Host publicationThe DSM-5 in perspective: philosophical reflections on the psychiatric babel
EditorsSteeves Demazeux, Patrick Singy
Place of PublicationDordrecht
Number of pages14
ISBN (Electronic)9789401797658
ISBN (Print)9789401797641
<mark>Original language</mark>English

Publication series

NameHistory, Philosophy and Theory of the Life Sciences
ISSN (Print)2211-1948


Are mental disorders harmful as a matter of definition, or are they simply conditions that quite often cause problems? Should someone who has “symptoms” but who suffers no harm be diagnosed with a mental disorder? In this chapter I shall show that these are crucial questions but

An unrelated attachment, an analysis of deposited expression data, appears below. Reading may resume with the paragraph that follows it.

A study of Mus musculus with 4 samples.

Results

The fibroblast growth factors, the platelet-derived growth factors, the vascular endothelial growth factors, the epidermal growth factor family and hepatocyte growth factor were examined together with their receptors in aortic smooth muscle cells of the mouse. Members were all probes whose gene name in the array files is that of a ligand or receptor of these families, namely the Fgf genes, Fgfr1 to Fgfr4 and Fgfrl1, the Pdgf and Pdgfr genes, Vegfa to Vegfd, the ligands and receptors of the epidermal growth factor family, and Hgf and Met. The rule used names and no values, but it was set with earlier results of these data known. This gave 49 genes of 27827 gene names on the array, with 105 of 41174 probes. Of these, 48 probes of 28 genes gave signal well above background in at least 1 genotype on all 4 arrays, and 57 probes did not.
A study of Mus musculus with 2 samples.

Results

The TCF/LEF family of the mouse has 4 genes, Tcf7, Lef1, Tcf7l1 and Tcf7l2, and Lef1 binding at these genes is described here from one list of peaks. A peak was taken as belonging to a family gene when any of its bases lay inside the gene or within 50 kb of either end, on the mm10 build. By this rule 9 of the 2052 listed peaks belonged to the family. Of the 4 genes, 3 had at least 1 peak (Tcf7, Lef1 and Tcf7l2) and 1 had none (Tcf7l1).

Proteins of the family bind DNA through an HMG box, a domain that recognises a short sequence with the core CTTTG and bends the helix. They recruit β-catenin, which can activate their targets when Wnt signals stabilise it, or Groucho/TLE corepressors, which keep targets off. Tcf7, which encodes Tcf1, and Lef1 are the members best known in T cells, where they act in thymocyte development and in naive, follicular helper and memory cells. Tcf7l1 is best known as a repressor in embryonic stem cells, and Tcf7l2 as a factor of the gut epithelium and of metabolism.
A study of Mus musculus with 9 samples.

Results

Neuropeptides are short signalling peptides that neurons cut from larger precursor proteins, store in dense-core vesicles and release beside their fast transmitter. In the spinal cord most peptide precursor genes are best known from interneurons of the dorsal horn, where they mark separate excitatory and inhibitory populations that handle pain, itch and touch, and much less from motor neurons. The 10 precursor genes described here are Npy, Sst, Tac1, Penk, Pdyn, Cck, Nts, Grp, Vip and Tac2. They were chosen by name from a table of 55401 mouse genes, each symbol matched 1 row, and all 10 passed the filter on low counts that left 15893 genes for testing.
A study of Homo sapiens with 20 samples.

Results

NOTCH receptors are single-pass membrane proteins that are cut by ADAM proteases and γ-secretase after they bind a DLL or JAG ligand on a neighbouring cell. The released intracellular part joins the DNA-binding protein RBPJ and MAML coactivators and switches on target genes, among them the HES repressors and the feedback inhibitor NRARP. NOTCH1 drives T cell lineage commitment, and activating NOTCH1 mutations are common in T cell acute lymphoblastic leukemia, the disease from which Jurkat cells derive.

have not been given the attention they deserve. The idea that disorders are linked to “distress or impairment” was first explicitly introduced into the DSM in the DSM-III. This criterion originally came to be introduced following the removal of homosexuality from the DSM in 1973. In the DSM-IV both the general definition of mental disorder contained in the introduction and many of the individual diagnostic criteria sets required that symptoms cause (or at least increase the risk of) distress or impairment before a disorder could be diagnosed. In DSM-5 the requirement that disorders cause harm, or an increased risk of harm, has been dropped from the definition of mental disorder. This matters because many people have the “symptoms” of mental disorder but suffer no distress or impairment, and are not plausibly at an increased risk of suffering distress or impairment in the future. Under DSM-IV such people could not be diagnosed, now they may be. This chapter offers a philosophical history. I show how the conceptualisation of the link between harm and disorder has shifted through the different editions of the DSM, and make it clear why this matters.